Sie sind hier: FRIAS Fellows Fellows Dr. Lawrence Chua

Dr. Lawrence Chua

Syracuse University
Junior Fellow
Marie S. Curie FCFP Fellow
Januar - August 2018


Lawrence Chua is a historian of the global modern built environment with an emphasis on Asian architecture and urban culture. His current research investigates the sometimes-competing and sometimes-complementary images of utopia that developed in the Thai capital, Bangkok from 1910 until 1973. Expressed in built forms as well as architectural drawings, building manuals, novels, poetry, and ecclesiastical murals, these images of an ideal society attempted to reconcile urban-based understandings of Buddhist felicities such as NibbanaUttarakuru, and Phra Sri Ari with worldly models of political community. Chua's second research project excavates the historical relationship between modernism and fascism in the architecture of Thailand, a nation that was never colonized by an imperial power and which aligned itself politically and culturally with the Axis during World War II. Currently an assistant professor in the School of Architecture at Syracuse University, Chua has also taught at Hamilton College, New York University, and Chulalongkorn University. He received his Ph.D. in the history of architecture and urban development at Cornell University in 2012. He was awarded an International Dissertation Research Fellowship from the Social Science Research Council and was a Mellon Graduate Fellow at the Society for the Humanities at Cornell University. More recently, he was a research fellow at the International Institute of Asian Studies in Leiden. In addition to his scholarship, Chua’s collaborations with visual artists such as Julie Mehretu, Paul Pfeiffer and Akram Zataari have resulted in public murals, digital sculptures and videos that have been widely exhibited.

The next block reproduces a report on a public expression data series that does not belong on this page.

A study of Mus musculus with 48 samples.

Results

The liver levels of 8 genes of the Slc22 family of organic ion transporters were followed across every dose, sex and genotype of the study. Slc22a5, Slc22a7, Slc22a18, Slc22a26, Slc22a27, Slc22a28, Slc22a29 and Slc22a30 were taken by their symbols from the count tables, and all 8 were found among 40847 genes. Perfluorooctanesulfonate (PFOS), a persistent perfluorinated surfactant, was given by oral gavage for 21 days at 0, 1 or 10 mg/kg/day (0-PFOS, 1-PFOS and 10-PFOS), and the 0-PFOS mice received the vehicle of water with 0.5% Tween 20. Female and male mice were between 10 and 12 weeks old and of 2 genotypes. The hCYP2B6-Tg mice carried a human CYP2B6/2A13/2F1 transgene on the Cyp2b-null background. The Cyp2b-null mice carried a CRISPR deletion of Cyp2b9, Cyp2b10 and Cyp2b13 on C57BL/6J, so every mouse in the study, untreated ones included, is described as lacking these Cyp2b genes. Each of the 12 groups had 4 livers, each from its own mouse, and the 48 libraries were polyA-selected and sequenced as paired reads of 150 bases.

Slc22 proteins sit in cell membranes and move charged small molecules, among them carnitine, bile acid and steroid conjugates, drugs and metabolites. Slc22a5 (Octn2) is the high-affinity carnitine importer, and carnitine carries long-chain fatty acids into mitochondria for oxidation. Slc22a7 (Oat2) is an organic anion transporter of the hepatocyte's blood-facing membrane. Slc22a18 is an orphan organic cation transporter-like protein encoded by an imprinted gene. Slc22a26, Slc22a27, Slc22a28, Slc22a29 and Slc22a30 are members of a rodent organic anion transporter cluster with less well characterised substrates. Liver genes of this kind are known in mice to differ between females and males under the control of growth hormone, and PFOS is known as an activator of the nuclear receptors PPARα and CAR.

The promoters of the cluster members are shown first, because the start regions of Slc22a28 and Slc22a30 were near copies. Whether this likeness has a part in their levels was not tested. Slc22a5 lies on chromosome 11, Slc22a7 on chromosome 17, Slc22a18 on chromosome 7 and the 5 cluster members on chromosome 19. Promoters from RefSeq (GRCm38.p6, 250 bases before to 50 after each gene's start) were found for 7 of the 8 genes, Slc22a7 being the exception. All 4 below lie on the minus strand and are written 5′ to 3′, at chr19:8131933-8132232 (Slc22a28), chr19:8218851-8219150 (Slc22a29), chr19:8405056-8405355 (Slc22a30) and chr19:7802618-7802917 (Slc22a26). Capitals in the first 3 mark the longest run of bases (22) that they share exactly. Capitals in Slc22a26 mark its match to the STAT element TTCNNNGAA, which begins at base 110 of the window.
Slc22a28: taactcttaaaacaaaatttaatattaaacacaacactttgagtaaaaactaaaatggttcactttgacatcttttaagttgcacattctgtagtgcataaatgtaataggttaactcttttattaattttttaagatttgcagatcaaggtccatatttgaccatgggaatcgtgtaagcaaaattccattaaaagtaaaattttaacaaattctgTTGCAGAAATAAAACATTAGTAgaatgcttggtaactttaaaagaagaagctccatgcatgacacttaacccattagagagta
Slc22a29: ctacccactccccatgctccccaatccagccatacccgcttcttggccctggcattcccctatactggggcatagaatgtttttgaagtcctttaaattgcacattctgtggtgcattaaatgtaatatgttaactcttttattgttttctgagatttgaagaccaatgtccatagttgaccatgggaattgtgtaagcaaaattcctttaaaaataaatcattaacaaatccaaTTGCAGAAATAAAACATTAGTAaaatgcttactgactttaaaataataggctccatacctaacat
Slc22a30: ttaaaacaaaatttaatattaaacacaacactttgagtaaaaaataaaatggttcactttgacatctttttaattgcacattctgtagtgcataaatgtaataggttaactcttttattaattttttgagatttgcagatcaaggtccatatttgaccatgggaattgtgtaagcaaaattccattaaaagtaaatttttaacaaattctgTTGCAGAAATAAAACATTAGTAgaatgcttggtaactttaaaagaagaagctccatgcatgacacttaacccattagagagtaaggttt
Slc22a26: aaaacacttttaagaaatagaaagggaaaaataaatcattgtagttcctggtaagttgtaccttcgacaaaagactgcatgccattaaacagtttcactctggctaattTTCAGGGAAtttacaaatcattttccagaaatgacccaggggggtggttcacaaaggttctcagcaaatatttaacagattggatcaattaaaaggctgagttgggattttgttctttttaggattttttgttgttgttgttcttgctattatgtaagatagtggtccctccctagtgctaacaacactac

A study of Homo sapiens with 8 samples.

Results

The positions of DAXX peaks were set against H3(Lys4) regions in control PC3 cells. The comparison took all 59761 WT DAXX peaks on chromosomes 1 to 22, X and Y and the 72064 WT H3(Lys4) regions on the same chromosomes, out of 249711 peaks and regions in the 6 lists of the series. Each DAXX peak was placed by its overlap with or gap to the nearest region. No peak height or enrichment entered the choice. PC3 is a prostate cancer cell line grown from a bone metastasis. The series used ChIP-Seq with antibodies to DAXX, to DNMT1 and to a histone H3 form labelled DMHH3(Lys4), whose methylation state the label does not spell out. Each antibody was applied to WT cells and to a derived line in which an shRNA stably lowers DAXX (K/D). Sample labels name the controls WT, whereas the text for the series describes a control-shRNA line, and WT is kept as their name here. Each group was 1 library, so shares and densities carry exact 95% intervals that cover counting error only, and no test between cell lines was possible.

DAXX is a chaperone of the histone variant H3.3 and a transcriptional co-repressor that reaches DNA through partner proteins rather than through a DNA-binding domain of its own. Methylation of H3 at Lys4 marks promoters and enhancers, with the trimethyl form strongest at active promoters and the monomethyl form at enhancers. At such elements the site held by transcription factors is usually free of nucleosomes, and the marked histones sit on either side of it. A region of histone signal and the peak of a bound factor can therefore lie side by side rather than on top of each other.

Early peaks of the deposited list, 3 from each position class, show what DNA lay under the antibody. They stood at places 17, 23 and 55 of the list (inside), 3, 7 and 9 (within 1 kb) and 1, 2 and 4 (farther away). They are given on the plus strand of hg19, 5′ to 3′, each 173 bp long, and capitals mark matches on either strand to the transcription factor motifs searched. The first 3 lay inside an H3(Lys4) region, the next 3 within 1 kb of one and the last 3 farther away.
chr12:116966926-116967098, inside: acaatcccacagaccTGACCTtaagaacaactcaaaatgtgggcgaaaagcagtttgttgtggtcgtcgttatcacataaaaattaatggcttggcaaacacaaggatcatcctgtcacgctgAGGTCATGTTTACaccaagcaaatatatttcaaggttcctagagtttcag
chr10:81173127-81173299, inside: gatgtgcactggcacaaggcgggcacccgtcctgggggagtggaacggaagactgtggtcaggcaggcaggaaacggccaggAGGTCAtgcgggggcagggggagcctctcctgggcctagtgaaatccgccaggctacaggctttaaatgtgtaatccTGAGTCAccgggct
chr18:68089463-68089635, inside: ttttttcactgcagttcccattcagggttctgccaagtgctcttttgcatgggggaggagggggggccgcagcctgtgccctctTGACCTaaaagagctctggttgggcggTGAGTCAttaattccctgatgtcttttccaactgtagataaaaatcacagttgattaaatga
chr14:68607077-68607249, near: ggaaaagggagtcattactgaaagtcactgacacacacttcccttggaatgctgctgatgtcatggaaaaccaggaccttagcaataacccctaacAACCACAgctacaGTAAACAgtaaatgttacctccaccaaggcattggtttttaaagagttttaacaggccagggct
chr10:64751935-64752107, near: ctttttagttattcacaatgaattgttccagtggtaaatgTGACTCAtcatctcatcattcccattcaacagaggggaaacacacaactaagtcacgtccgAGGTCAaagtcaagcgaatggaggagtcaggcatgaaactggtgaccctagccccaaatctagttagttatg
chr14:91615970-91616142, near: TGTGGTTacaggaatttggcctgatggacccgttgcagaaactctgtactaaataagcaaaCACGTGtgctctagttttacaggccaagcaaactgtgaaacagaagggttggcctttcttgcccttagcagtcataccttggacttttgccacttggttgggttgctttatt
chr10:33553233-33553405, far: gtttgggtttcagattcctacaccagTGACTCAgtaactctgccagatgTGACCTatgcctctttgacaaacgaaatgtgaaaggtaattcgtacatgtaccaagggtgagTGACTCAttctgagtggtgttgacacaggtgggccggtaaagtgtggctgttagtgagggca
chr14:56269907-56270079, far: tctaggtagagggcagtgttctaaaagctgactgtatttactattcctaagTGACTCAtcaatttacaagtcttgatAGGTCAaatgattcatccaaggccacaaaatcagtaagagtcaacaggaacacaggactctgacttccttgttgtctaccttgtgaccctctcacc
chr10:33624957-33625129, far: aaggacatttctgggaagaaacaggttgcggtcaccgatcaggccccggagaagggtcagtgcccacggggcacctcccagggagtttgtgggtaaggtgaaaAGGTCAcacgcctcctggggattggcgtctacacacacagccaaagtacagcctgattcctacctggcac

Publikationen (Auswahl)

  • “The city and the city: race, nationalism, and architecture in early 20th-century Bangkok,” Journal of Urban History, 2014 (40) 5, pp. 933-958.
  • “The Aesthetic Citizen: modernism and fascism in mid-20th-century Bangkok,” Chapter in Questioning Southeast Asia’s Architecture: Epistemology, Networks and Power (Singapore: NUS Press, 2018).
  • "The Garden of Liberation: emptiness and engagement at Suan Mokkh, Chaiya, Thailand,” Chapter in Handbook of Socially Engaged Architecture (London and New York: Routledge, 2017).
  • “Contemporary Buddhist Architecture: From Reliquary to Theme Park,” Chapter in Oxford Handbook of Contemporary Buddhism (Oxford: OUP, 2016), 436-452.
  • “Life in Marvelous Times: architecture, hip hop, and utopia,” Chapter in Archi*pop anthology (London: Bloomsbury, 2015), pp. 193-206.


Bangkok Utopia: leisure architecture, urban culture, and public space in 20th century Thailand

This study investigates the sometimes-competing and sometimes-complementary visions of utopia that developed in the modern leisure spaces of the Thai capital, Bangkok from 1910 until 1973. Expressed in both built forms as well as architectural drawings, manuals, novels, poetry, and images, these images of an ideal society attempted to reconcile older, urban-based understandings of nibbana and paradise with worldly models of political community. By examining the ways that new leisure spaces of the city became arenas for modern subject-formation, utopian desire, political hegemony, and social unrest, Bangkok Utopia outlines a theory of competing ideals in urban space and provides a new way to conceptualize the uneven economic development and fractured political conditions of contemporary global cities like Bangkok.